Don't let your baby cry it out!

The following is an e-mail conversation I had with someone about crying-it-out.
Her questions and comments, which appear in italics are followed by my responses. Enjoy!

Although, I am going through a great deal of "sleep problems" with my 18 month old, I have to say, that if I have to, I will let her cry it out. From what I have heard, Dr. Spock himself, said you should let your child "cry it out".

The only "baby Dr." I believe in is William Sears and his view on attachment parenting. It is a Must read for all new parents. He condones parenting by instinct; letting your mothering instincts take over. The reason it is so hard to let them cry it out is because your body goes through a series of physiological changes when you hear your baby cry (Well that is if you are breast feeding, otherwise you body goes back to its pre-pregnancy state believing you "lost" the baby). By nursing you keep the natural hormonal process working and when you hear your baby cry you experience letdown of your milk and an overwhelming urge to pick your baby up. If you train yourself to ignore your baby's cries, you break that bond and your body stops responding in that way. The baby also stops crying because he has likely given up hope of anyone coming to his aid. He loses trust in his mother and may suffer a loss of self esteem. He has not learned to comfort himself, he has only learned that he is not worth being responded to.

If you don't let them cry it out then they will have a difficult time learning how to put themselves to sleep.

A child of that age has not the capacity to feed himself, change himself or take care of any of his own physical needs, why on Earth should he be expected to be able to comfort himself?

Locking a child up and letting the child throw tremendous tantrums is not good, in my own opinion on.

Exactly. There is no more beautiful and natural way for a child to drift off to sleep than with the comfort and security of his mother's breast.

My mother has told me to let my daughter just cry it out. I too thought it was cruel at first.

Back then they also thought that formula was best! They were wrong about that too. And what about those "wonderful, modern" machines that they devised in the fifties so that "baby need never be touched by human hands". Until they finally realized that infants wither and die without human touch. What about all those Soviet children that were left on their own, crying in their cribs without proper attention? Now these children, who were adopted into this country have all sorts of horrendous emotional problems and learning disabilities. Babies need nurturing and it is not spoiling them to provide it. Spoiling means "ruining" and you cannot ruin a child with love and affection, you ruin him by ignoring his needs..

But, really, she did start to learn how to put herself to sleep. Tending to them every time they cry only makes them want to "cry out" more, and then, the parent would be waking every second of the evening just to tend to the child.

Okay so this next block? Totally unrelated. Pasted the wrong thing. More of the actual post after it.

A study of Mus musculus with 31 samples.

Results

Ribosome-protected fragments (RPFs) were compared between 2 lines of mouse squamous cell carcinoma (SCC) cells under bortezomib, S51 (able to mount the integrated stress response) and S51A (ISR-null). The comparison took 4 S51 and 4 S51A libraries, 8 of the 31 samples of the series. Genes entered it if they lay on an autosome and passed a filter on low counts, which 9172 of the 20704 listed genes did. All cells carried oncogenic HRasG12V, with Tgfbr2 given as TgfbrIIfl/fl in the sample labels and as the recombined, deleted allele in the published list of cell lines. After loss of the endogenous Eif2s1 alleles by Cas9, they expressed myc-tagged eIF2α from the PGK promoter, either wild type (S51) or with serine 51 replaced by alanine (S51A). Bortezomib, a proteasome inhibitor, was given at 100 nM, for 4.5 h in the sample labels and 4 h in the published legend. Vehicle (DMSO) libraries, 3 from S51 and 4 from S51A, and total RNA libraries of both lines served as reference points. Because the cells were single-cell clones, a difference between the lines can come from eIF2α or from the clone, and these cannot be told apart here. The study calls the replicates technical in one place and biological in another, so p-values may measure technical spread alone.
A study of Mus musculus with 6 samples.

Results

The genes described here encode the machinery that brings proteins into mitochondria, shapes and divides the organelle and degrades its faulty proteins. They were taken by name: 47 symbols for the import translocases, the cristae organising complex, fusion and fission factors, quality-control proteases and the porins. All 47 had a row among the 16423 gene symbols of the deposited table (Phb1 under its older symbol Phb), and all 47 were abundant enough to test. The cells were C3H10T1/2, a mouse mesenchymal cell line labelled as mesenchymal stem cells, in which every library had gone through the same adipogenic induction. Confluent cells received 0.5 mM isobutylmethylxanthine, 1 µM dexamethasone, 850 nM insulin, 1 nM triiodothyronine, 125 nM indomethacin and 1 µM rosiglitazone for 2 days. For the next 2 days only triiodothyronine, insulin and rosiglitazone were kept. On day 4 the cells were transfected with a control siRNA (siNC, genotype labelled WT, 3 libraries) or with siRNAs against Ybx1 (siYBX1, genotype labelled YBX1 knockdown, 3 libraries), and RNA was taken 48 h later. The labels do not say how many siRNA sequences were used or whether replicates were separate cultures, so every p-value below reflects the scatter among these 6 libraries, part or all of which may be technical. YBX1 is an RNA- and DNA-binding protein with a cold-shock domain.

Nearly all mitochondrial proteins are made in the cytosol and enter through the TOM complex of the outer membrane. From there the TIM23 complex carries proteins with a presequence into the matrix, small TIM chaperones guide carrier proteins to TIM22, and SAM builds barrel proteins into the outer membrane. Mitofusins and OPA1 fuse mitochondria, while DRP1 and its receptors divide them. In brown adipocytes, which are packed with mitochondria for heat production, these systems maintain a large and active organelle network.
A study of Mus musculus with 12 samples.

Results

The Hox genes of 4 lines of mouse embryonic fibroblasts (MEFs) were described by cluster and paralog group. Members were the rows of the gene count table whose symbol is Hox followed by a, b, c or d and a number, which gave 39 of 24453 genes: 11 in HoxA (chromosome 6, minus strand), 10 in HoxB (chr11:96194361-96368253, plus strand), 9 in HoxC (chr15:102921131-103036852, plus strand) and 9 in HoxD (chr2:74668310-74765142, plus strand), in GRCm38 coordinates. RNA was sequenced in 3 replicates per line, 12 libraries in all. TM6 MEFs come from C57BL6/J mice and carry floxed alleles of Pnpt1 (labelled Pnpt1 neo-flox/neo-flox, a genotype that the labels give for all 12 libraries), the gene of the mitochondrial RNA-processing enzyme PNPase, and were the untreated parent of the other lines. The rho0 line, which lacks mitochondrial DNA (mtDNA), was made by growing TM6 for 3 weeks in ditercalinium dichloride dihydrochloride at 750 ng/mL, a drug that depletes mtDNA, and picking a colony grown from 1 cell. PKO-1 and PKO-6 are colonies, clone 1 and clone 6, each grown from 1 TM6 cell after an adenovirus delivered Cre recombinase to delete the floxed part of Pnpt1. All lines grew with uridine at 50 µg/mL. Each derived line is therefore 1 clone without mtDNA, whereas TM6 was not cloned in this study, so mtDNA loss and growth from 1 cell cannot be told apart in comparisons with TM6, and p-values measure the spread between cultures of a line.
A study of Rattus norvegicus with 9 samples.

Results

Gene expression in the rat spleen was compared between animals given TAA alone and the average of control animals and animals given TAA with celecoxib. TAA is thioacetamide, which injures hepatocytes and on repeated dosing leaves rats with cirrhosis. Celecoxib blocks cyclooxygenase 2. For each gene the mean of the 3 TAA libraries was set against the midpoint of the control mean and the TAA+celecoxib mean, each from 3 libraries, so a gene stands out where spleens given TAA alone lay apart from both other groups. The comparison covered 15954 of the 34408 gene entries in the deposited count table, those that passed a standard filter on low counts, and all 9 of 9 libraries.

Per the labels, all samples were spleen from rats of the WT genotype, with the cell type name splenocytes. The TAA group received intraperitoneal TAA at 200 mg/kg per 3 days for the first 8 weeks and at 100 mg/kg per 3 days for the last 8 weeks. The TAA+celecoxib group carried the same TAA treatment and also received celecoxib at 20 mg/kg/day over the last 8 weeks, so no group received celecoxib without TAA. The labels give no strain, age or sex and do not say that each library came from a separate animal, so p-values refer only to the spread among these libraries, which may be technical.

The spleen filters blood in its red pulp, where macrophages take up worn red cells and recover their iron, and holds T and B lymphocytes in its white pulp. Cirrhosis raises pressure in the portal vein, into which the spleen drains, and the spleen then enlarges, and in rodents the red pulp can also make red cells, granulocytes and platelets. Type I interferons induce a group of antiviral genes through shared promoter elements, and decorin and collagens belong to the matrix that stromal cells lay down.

Not so. Demmi wakes about twice a night to nurse for about 5 minutes. It takes no effort on my part to do so. On her first waking I pick her up from her porta-crib next to my bed, and lay her down between my husband and myself and she nurses back to sleep. There is no feeling more incredible than sleeping with your baby. The feelings of love and closeness that it promotes are beyond description. And to wake up next to that little face smiling up at you in the morning... I couldn't imagine a better way to start the day!

I do believe that being hyperactive and extremely intelligent has a lot to do with some children not being able to sleep properly. The intelligent children as well as the hyperactive have a difficult time shutting down their brain. So, they end up staying awake.

All the more reason to wind down gently in mama's loving arms with a soothing lullaby, that delicious mommy-milk, and the warm, cozy familiar scent of Mama.

As for it being part of allergies, well that could be possible as well. After all, my daughter had a milk intolerance the first couple of months of her life and had cramping pains, and was throwing up all the time. So, yes, I suppose allergies can have something to do with not being able to sleep.

Sure, and this poor child doesn't understand what is happening to herself. That is the child that needs it even more!

My daughter has given up her naps altogether. Oh well. She spends two hours talking to herself and playing. I believe it helps develop her vocabulary, so I'm not going to discourage her when she isn't able to sleep.

That is wonderful if she is content to be with herself! Demmi can amuse herself endlessly too. Anyway, you can't force a child to sleep when they are not tired. You must take their cues and let them nap as nature calls them to. Many children go thru a cranky stage at some point in the day when they are over-tired. Or they have so much pent up energy they are bouncing off the walls from too much sleep. The problem is that parents impose sleep patterns on the chlid for their own needs without a concern for what is right for the child. You would have a difficult time trying to function on someone else's sleep cycle so how can you expect your child to conform to a schedule of your choosing? I never experince these out-of-control behaviors with Demmi because she sleeps when her body tells her to, not when I tell her to. She is such a secure and confident, outgoing, loving, gentle, affectionate, generous little toddler. I never knew a child could be this wonderful! She makes me so incredibly proud.